What a long strange trip chip it's been - the 8086


Happy 40th Anniversary to the Original Intel 8086 and the x86 Architecture
Forty years ago today, Intel launched the original 8086 microprocessor — the grandfather of every x86 CPU ever built, including the ones we use now. This, it must be noted, is more or less the opposite outcome of what everyone expected at the time, including Intel.

According to Stephen P. Morse, who led the 8086 development effort, the new CPU “was intended to be short-lived and not have any successors.” Intel’s original goal with the 8086 was to improve overall performance relative to previous products while retaining source compatibility with earlier products (meaning assembly language for the 8008, 8080, or 8085 could be run on the 8086 after being recompiled). It offered faster overall performance than the 8080 or 8085 and could address up to 1MB of RAM (the 8085 topped out at 64KB). It contained eight 16-bit registers, which is where the x86 abbreviation comes from in the first place, and was originally offered at a clock speed of 5MHz (later versions were clocked as high as 10MHz).

Morse had experience in software as well as hardware and, as this  historical retrospective makes clear, made decisions intended to make it easy to maintain backwards compatibility with earlier Intel products. He even notes that had he known he was inventing an architecture that would power computing for the next 40 years, he would’ve done some things differently, including using a symmetric register structure and avoiding segmented addressing. Initially, the 8086 was intended to be a stopgap product while Intel worked feverishly to finish its real next-generation microprocessor — the iAPX 432, Intel’s first 32-bit microprocessor. When sales of the 8086 began to slip in 1979, Intel made the decision to launch a massive marketing operation around the chip, dubbed Operation Crush. The goal? Drive adoption of the 8086 over and above competing products made by Motorola and Zilog (the latter founded by former Intel employees, including Federico Faggin, lead architect on the first microprocessor, Intel’s 4004). Project Crush was quite successful and is credited with spurring IBM to adopt the 8088 (a cut-down 8086 with an 8-bit bus) for the first IBM PC.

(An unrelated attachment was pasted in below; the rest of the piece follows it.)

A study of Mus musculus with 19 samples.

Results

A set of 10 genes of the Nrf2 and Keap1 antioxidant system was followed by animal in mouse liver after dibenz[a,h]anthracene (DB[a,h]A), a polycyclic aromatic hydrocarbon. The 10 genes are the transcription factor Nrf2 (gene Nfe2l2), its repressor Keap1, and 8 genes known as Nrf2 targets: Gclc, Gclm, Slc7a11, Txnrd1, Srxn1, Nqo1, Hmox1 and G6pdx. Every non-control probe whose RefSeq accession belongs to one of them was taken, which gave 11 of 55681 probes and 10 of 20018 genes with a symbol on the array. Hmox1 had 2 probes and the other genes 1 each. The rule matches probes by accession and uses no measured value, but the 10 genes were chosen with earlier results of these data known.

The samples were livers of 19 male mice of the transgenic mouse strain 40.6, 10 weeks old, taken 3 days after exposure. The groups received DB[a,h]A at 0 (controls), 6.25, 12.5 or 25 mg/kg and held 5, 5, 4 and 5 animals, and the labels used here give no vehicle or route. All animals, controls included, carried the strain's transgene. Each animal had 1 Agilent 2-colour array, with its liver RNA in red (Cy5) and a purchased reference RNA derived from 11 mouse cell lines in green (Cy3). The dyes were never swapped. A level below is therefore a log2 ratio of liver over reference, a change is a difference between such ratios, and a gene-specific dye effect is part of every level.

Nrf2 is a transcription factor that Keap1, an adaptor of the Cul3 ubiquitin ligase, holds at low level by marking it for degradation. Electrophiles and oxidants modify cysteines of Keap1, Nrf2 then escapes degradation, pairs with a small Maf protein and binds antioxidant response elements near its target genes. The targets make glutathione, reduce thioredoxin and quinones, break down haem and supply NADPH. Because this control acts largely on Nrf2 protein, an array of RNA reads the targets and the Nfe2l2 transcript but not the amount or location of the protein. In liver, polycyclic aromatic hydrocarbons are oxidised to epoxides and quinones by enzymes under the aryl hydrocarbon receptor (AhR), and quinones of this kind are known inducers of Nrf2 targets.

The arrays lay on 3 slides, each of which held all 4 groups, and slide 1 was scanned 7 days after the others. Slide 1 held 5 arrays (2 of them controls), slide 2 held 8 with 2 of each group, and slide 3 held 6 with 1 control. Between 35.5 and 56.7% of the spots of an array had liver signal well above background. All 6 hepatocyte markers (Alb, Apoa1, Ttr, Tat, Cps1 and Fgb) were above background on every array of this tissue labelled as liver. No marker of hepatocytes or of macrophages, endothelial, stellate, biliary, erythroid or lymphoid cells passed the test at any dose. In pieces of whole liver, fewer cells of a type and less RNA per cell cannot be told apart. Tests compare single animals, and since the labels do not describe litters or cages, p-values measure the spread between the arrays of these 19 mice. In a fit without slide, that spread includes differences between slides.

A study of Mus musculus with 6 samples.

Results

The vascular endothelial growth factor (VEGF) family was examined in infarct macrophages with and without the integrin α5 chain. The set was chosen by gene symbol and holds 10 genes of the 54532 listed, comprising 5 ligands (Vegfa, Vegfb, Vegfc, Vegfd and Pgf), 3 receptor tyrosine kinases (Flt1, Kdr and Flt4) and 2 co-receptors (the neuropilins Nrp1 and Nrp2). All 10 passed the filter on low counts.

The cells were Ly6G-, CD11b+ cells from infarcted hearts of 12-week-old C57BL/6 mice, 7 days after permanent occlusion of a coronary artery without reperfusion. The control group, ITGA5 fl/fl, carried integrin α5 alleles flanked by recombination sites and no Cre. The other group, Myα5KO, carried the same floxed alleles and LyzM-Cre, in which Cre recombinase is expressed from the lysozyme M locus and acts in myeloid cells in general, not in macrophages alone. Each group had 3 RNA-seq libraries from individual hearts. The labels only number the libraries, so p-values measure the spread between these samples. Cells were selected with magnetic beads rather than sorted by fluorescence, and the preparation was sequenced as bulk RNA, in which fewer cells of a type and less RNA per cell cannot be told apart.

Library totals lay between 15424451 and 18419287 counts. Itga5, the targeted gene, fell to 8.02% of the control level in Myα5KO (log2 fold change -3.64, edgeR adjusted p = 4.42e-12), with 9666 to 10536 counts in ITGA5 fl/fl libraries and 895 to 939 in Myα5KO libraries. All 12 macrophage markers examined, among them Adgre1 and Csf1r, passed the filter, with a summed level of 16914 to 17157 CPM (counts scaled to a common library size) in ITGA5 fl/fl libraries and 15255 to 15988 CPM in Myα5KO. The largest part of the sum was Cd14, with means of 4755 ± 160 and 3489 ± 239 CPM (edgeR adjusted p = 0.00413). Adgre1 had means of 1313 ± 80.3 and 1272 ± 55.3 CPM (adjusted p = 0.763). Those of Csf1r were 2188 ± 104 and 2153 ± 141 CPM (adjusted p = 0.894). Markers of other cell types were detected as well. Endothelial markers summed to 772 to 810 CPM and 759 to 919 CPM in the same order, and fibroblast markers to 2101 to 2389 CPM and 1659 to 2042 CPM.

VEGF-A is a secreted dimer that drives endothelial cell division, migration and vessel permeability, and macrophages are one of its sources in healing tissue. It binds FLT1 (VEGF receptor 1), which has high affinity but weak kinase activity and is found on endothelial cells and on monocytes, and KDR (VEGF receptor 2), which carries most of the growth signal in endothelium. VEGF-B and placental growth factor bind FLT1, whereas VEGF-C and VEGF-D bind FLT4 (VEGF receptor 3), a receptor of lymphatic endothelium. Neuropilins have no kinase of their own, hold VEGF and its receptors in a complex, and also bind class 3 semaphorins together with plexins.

One might expect, given the x86 architecture’s historic domination of the computing industry, that the chip that launched the revolution would have been a towering achievement or quantum leap above the competition. The truth is more prosaic. The 8086 was a solid CPU core built by intelligent architects backed up by a strong marketing campaign. The computer revolution it helped to launch, on the other hand, transformed the world.

The segmented architecture made a lot of early adapters want to segment some of the design engineers. When programming in a higher-level language, this was not a problem as the compiler took care of this for you but when you wanted to optimize some code and write it in assembly, it was all kinds of fun. Still, it was a powerful instruction set, reasonably fast and very cheap.

It has been a great ride and still looking forward!